The House was scheduled to cast a final vote on the spending bill (H.R. 2822) July 9 after dozens of hours of debate. However, less than four hours before this vote, Republican leaders announced they had removed the bill from consideration.
They did this to shield their members from having to cast a politically risky vote on the display of Confederate flags in national parks and federal cemeteries.
Now, congressional staff members tell Bloomberg BNA that they're unsure when—or even if—the bill will be brought back to the House floor.
On July 7, Democrats introduced three amendments to the spending bill that would have directed the National Park Service to prohibit the display of any Confederate flags in parks or cemeteries. All three amendments were adopted on unrecorded voice votes.
The following day, House Republicans from Southern states asked their leaders to introduce another amendment to the bill that would have allowed Confederate flags to be displayed on grave sites in federal cemeteries, according to a statement from Rep. Ken Calvert (R-Calif.), the bill's sponsor.
Calvert introduced the amendment late in the evening of July 8. Democrats immediately denounced it and requested that a roll call vote be held on its adoption the following day.
“Looking back, I regret not conferring with my colleagues on the other side of the aisle,” Calvert said in a statement after the bill was withdrawn, “and fully explaining [the amendment's] intent given the strong feelings Members of the House feel regarding this important and sensitive issue.”
Even before the Confederate flag amendments were added to it, there were signs of trouble for the Interior/EPA bill.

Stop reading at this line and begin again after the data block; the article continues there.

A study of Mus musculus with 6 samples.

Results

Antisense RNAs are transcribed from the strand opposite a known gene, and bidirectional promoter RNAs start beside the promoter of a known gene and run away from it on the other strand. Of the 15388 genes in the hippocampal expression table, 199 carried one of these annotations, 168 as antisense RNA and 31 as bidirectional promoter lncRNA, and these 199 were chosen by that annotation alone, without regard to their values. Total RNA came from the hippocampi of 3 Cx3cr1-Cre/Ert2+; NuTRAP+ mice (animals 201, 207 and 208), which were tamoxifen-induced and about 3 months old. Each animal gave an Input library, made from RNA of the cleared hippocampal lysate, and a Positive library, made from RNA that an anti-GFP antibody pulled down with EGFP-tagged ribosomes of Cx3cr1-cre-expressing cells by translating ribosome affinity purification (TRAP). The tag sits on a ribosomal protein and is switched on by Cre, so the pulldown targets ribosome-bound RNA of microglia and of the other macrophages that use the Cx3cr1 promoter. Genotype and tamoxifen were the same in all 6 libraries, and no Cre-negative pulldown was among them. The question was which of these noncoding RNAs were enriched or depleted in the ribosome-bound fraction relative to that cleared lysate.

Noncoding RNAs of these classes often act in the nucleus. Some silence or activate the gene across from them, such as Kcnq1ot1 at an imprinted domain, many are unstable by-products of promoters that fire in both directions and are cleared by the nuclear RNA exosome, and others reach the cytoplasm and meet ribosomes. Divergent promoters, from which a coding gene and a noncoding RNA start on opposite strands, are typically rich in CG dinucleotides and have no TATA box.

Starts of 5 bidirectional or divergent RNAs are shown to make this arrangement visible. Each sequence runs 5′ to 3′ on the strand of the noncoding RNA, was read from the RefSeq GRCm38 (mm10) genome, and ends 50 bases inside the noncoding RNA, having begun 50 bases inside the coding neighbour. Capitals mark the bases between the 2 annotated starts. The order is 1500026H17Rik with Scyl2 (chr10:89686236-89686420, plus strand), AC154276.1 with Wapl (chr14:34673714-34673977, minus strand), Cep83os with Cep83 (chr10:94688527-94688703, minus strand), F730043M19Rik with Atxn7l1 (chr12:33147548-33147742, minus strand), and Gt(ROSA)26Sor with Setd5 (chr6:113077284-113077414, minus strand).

Democrats have been threatening to block the Senate version of the bill from coming to the floor, along with all other federal spending bills the Senate Appropriations Committee has approved. They object to the sequester-level funding in the bills, as well as what they consider many ideological policy riders.
The White House has also formally threatened numerous times to veto the House and Senate bills for the same reasons.
Democrats say they will block all spending bills until Republicans agree to convene a series of negotiations to revise or remove the sequester's budget caps. If Congress is unable to pass spending bills before the end of the fiscal year on Sept. 30, it would need to pass a continuing resolution that temporarily funds the government or face another shutdown.
Matt Dennis, a minority spokesman for the House Appropriations Committee, told Bloomberg BNA that there has been no indication so far that Republicans are willing to engage in any budget negotiations.
Dennis said that, given what occurred on the House floor, the Interior/EPA spending bill may be the last piece of appropriations legislation the House takes up this year.
Democrats have shown they're willing to force Republicans to cast tough votes on politically sensitive amendments to these bills, and Republicans may not want to cast these votes for bills that don't even have a chance to become law, he said.
A Republican staff member on the House Appropriations Committee told Bloomberg BNA that the Interior/EPA bill is only on a “temporary hiatus,” but said there is no timetable for bringing it back to the floor for a vote.